Upcoming Conferences and Events
May 31 - Jun 1
SBJ/November 9 - 15, 1998/No Topic Name
Slugger's bond plan striking out
Published November 9, 1998
When news broke earlier this year that Chicago White Sox slugger Frank Thomas planned to raise $20 million by selling bonds secured by his future salary and endorsement fees, a major new financial option for superstar athletes appeared to be on the verge of reality.
But the Thomas deal may have collapsed, sources said, and experts now contend that player contracts are loaded with too many inhibitive conditions for athletes to sell bonds backed by their earnings.
As a result, this much-hyped merging of Wall Street and sports could be a strikeout.
The main reason for the whiff is that player contracts are commonly structured to allow teams non-payment for a variety of reasons. Contractual moral clauses, like the one invoked by the Golden State Warriors in the Latrell Sprewell case, allow the team and endorser to halt salary payments and endorsements fees in case of an ethical breach.
Many contracts also do not pay players if they are injured while participating in a non-team-related event. And, of course, players are not paid during labor discord. The current National Basketball Association lockout has sent shivers through financiers contemplating athletic bonds secured by salaries.
Also, recent global financial turmoil has left investors afraid to invest in untested securities, demonstrated by the recent suspension of the National Football League's planned $600 million bond offering.
"Where the markets are now, there is no appetite for this kind of risk," said David Pullman, chairman of the Pullman Group, a unit of Fahnestock & Co.
Pullman, who last year designed the David Bowie bonds ($55 million of notes secured by the singer's song royalties), said he passed on the Thomas deal because of all the conditions placed on athletes' pay.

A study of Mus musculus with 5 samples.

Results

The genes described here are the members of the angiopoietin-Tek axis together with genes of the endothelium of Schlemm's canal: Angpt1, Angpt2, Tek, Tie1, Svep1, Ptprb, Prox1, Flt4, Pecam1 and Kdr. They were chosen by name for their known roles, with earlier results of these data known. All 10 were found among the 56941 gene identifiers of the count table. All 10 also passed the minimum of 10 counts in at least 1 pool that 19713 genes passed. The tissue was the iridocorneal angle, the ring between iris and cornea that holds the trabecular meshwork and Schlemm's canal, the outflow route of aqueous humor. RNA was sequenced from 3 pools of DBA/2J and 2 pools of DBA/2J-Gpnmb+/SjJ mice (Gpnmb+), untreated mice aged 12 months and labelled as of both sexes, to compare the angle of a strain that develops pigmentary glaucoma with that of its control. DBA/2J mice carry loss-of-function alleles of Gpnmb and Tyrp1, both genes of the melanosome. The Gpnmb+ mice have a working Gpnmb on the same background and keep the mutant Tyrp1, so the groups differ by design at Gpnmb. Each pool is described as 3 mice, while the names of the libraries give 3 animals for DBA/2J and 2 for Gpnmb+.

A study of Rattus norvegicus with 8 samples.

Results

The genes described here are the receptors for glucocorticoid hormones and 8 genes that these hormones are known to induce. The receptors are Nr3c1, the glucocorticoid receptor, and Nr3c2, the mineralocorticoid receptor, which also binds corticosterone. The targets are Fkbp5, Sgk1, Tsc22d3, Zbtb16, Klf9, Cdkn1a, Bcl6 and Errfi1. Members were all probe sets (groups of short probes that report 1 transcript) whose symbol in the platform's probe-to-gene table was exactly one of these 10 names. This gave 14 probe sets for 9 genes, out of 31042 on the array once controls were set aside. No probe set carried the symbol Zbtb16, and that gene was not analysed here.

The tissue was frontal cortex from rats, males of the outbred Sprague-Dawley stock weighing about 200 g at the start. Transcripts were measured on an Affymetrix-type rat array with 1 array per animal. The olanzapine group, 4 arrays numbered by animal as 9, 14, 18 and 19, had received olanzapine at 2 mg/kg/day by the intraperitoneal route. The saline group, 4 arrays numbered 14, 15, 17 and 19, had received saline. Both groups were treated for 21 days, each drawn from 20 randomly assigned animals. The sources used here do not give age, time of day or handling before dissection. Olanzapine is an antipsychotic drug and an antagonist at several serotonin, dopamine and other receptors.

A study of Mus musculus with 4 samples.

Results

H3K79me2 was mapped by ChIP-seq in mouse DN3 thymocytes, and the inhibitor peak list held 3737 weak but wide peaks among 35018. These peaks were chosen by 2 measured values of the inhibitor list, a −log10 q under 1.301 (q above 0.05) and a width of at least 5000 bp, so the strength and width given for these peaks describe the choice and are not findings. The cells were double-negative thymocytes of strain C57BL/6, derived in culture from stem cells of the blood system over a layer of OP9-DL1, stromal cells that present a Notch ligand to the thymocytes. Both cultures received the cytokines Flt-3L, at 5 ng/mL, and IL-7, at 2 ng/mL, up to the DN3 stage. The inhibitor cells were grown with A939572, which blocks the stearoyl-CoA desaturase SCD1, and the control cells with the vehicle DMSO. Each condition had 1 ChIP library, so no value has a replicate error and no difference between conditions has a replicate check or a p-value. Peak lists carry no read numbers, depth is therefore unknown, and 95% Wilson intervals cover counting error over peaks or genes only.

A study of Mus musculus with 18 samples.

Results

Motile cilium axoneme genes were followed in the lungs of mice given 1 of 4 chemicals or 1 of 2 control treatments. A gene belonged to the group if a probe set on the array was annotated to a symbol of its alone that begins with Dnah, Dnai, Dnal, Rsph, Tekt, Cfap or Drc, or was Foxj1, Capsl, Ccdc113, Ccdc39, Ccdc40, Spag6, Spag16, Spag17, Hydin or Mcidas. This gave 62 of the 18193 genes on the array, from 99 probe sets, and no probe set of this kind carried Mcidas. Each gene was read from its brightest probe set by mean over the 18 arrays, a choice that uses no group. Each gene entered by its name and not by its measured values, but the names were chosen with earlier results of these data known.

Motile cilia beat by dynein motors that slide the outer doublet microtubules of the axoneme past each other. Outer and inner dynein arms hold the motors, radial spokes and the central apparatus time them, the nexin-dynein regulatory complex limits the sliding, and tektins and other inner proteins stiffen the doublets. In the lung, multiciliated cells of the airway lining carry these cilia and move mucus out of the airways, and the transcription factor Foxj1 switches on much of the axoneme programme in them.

Other bankers worry that an athlete paid the value of a contract up front could simply walk away from the sport.
Several bankers are now looking at ways to structure around these problems. One idea is to take several athletes and bundle their salary and endorsement commitments into a single security, thereby reducing the risk.
"I could see [player agent] Leigh Steinberg pool his athletes together," Mark Barry, vice president of ASU Enterprises, told a panel on sports securitizations last week.
This idea has been discussed before, but unless a player has an overriding business interest in receiving the money up front, secured bonds may not be worth it. Taxes, for example, would have to be paid on the entire sum right away.
Sources said Thomas wanted the money to help fund his rap music label and his charitable foundation. Others noted that another use could be to invest some of the $20 million in high-yielding securities.
Neither Thomas' representatives nor his banker, SPP Capital Partners, responded to calls seeking comment.
Barry argued that financial planners and agents need to work together to weed out problem clauses in future player contracts.
Even that approach has its detractors.
"I think companies or teams would be loath to give up on [morals and injury] clauses," said Steve Williams of Capital America Entertainment, a division of Nomura Securities.
Instead, Nomura is exploring the idea of designing contracts that set aside only part of a player's pay to be covered under the morals and injury clauses.